Review: The undisputed king of reggae versions, Mato returns with his sixth series of dubbed out hip-hop covers. Far from the crass, crude mash-up culture, Mato's original instrumentation ensures a much more natural remix feel which, in some cases, sounds better than the original. Across the 10 track set we're treated a bouncy, sun-kissed take on Eve's "Gangsta Lovin", a tight skank-flexed take on The Beatnuts "Off The Books", a Vadim-style contemporary digi dub take on Nate Dogg's "Good Life" and a very authentic rendition of "Still Dre". Essential listening for both hip-hop and reggae heads.
Review: Robin Thicke's controversial "Blurred Lines" has garnered enormous attention recently, and not always for the right reasons. Maybe Mato's remarkable mash-up skills, turning it here into the kind of vintage Robert Palmer in Jamaica pop reggae not heard since the mid-'80s, might help show it in a good light. We also get Justin Timberlake's croon "Suit & Tie" turned into a Night Nurse goes falsetto delight.
Review: Homework. What's left to say about Daft Punk's monumental 1997 debut album that hasn't already been said? It's an LP that everybody loves even if some think it's their best work and others think it was only a hint of the really good stuff to follow. Well Mato has something more to say on the matter, going so far as to rework the whole shebang in a dub reggae style. It's a brave move, but guess what? It totally works, particularly on the spacey "Revolution 909" and the honey vocal-led "Around The World".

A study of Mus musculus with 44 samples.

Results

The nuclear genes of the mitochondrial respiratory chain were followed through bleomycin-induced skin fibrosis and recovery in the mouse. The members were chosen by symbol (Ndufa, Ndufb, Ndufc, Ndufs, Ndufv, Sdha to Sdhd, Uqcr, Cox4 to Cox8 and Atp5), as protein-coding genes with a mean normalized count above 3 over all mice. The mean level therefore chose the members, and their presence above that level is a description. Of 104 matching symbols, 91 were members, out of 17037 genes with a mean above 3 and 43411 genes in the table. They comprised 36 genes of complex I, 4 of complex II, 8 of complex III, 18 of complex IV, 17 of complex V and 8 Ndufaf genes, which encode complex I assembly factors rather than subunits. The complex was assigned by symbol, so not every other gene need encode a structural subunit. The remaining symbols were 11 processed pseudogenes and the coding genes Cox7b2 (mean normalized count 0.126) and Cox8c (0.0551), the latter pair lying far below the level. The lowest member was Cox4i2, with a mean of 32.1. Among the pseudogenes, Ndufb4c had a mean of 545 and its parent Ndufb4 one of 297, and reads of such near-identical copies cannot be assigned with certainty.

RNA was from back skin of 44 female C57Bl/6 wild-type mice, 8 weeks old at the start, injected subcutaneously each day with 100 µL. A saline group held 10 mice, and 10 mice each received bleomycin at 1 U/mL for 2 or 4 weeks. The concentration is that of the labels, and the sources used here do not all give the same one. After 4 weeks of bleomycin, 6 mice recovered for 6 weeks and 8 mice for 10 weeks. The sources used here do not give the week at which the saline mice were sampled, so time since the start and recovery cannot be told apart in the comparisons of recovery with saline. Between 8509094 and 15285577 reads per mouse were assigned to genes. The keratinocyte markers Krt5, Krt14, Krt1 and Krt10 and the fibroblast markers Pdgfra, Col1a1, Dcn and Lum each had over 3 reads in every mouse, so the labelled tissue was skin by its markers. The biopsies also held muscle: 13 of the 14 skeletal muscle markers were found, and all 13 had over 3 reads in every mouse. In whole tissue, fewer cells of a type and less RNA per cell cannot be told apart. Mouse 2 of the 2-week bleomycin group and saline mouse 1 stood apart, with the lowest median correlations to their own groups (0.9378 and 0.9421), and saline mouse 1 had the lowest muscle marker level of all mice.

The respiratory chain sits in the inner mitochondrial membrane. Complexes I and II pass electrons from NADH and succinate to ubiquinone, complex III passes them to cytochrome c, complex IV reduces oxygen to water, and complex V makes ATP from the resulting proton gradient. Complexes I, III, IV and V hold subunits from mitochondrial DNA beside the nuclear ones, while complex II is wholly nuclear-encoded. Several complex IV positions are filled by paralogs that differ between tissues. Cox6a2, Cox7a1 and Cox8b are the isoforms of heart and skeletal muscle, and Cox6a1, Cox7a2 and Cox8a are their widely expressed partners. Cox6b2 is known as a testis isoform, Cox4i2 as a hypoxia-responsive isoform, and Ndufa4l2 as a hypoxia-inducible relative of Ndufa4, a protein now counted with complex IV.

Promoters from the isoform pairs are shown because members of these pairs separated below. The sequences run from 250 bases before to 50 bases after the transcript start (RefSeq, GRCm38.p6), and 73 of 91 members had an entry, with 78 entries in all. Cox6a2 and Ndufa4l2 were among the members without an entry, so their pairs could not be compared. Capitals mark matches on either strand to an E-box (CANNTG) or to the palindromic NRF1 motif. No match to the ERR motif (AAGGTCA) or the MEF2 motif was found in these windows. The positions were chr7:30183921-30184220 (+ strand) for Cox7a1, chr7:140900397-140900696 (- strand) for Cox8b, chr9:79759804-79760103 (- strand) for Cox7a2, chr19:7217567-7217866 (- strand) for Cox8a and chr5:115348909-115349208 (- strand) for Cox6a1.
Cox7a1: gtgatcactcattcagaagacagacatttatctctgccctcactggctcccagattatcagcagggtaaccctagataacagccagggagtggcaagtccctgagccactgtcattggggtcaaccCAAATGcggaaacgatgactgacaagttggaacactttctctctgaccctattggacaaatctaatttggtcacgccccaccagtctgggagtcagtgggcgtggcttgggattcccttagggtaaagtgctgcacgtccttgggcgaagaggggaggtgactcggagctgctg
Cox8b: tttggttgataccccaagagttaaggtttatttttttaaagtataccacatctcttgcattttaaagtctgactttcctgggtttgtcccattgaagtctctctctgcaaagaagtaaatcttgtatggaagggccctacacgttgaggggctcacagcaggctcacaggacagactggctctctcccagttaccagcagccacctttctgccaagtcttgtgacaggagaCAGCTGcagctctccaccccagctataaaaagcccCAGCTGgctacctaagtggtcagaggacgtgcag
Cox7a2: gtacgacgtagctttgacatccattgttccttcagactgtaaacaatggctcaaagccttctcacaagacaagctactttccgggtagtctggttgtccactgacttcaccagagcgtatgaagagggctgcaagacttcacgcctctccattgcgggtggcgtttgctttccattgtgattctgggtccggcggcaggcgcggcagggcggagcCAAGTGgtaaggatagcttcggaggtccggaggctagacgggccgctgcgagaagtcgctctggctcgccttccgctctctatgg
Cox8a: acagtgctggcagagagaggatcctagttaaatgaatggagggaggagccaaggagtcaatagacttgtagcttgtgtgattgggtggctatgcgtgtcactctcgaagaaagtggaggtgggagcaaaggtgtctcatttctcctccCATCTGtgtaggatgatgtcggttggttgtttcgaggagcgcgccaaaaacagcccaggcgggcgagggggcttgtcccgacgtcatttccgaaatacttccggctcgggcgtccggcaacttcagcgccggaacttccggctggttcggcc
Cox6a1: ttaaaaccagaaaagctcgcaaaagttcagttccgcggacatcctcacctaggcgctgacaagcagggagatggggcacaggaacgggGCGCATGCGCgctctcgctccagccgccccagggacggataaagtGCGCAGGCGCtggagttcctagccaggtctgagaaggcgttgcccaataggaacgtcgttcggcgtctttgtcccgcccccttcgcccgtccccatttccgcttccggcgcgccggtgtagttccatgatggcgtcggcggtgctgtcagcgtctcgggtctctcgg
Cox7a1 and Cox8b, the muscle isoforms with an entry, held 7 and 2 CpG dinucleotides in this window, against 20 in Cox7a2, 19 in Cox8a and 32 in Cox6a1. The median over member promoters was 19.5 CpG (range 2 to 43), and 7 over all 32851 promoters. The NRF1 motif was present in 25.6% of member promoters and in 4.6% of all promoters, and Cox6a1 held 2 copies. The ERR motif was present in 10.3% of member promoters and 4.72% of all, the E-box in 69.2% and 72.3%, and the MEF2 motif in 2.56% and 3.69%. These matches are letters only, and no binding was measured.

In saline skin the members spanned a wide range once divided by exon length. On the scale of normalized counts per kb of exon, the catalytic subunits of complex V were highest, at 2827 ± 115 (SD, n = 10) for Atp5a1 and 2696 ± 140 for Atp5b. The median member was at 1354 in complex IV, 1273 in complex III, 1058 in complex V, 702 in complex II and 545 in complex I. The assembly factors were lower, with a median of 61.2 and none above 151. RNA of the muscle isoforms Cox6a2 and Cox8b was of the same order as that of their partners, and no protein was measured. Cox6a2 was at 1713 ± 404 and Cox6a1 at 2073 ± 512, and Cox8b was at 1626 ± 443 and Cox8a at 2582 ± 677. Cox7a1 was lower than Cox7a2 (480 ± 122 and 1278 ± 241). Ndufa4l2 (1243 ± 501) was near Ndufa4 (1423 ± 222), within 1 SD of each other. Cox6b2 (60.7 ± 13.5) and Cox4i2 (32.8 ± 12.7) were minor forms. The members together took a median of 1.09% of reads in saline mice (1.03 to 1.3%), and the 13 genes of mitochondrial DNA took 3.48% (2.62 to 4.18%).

Review: French reggae producer Mato has made a name for himself by giving Kingston-style makeovers to many hip-hop pop hits. Here Stix have rounded up the latest batch of reworks featuring, amongst others, "Suit & Tie" by Justin Timberlake, "Happy" by Pharrell Williams, "Fancy" by Iggy Azalea, "Rehab" by Amy Winehouse and, clearly not getting the memo, "Blurred Lines" by Robin Thicke.
Review: Mr Patchworks (AKA Bruno Hovart) dons his Taggy tracksuit and tags up with Lyonnais singer LMK for this soothing, sensuous vibe-out. Soft skanks, digidub bass bubbles and instant sing-along vocal fuse to form a jam that's reminiscent of Sister Nancy. Dub heads should jump on the version for added dynamic instrumental depth.